An elected representative, who runs a charming town in northern Virginia, had no choice but to say sorry for making fun of the Democratic Party’s pick for vice president.
Luray Mayor Barry Presgraves has been strongly criticized for what was intended to be a humorous spin on the presidential candidate Joe Biden’s decision to choose Sen. Kamala Harris (D-Calif.) as his vice president, if the Democrats win the 2020 presidential election on Nov. 3.
“Joe Biden has just announced Aunt Jemima as his VP pick,” the mayor said on his personal Facebook page, on Aug. 1.
Even though Harris does not actually bear much resemblance to the Quaker Oats Company’s black corporate model Councillor Leah Pence, who supports anti-police protest movements, took advantage of the opportunity to demand that Presgraves resigns as mayor.
“I am writing to strongly urge you to resign over a racist comment you made on Facebook,” she said on Facebook. “Your resignation is imperative as we work toward ending racism in our community … your recent actions have caused me and many citizens to lose faith and confidence in your capacity to effectively and justly serve as mayor of the Town of Luray.”
After just four days of political and personal attacks, Presgraves backflipped on his remarks and apologized for any distress he may have caused.
“I am sorry if I hurt anyone’s feelings,” he said on Facebook. “Lesson learned, it was not my intent to hurt anyone. I took it to be humorous, sorry.”
Despite his attempt to reconcile with residents and Pence the mayor continued to receive personal and political attacks, prompting him to make a formal apology at a Luray Town Council meeting.
“I want to make this very clear to everyone with absolutely no qualifications, I understand what I posted to social media was wrong, offensive and unbecoming, it does not reflect what is in my heart,” he said in a video shared on YouTube.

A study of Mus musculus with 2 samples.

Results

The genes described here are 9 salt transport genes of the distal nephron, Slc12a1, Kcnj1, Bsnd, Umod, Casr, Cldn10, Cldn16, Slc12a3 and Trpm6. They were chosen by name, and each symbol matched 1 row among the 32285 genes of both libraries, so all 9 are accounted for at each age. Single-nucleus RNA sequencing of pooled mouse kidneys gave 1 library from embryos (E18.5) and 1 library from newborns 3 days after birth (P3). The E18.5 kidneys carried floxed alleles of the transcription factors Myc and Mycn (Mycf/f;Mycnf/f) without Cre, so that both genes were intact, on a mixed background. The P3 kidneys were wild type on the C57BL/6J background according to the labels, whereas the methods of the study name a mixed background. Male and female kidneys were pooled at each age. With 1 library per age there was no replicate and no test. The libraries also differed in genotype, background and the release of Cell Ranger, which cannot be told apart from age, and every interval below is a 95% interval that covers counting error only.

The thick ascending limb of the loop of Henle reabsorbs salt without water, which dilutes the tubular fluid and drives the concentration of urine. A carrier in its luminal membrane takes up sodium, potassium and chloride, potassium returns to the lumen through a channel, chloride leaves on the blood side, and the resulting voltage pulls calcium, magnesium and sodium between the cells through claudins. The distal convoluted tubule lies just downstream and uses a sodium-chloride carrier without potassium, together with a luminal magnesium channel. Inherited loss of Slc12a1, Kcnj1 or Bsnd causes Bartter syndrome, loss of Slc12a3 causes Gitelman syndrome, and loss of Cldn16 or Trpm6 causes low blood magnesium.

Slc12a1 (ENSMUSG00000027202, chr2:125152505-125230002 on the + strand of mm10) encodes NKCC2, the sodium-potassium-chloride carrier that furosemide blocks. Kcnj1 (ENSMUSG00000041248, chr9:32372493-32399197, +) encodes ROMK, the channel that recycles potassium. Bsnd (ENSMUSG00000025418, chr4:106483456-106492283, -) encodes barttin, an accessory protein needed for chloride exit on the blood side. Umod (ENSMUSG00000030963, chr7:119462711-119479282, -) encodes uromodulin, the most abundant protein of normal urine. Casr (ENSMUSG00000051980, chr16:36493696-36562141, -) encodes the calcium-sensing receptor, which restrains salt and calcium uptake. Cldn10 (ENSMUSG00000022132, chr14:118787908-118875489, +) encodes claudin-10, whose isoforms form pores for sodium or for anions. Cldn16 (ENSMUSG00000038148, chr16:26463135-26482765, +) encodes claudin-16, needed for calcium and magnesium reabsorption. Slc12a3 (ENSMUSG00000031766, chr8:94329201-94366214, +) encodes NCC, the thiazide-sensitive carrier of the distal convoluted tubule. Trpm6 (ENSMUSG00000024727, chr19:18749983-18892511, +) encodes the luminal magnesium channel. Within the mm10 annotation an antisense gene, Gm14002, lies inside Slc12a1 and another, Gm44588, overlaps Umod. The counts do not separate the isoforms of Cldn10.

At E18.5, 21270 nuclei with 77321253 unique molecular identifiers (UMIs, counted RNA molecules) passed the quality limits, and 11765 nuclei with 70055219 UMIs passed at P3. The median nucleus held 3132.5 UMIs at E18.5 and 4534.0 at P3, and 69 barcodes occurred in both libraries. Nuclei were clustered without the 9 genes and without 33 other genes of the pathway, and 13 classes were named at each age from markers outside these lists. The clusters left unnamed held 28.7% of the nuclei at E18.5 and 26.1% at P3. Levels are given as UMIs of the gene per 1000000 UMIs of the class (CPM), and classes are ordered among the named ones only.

Presgraves continued to show remorse for anyone who felt offended by his comments and promised there would not be a repeat.
“I also want to make a direct apology to all people of color and women,” he said. “Passing off demeaning and worn out racial stereotypes as humor is not funny, I now fully understand how hurtful it is, and I can and will do better and we can all do better–we must. From the bottom of my heart, I am sorry and humbly ask for your forgiveness and your grace.”
Despite the lengthy apology several residents and Pence used question time to continue to verbally attack the mayor, prompting one Trump supporter in the audience to accuse Pence of trying to advance her political career by ousting the incumbent mayor.
“I do not believe what Mr. Presgraves said was racist at all, there is nothing in his background that would suggest that to me,” Trump 2020 campaign elected national delegate Dan Dean-Petersen said in the video. “This is nothing but manufactured outrage by Ms. Pence in order to get a political advantage and stoke the divisive fires in our own community–we do not need any of that.”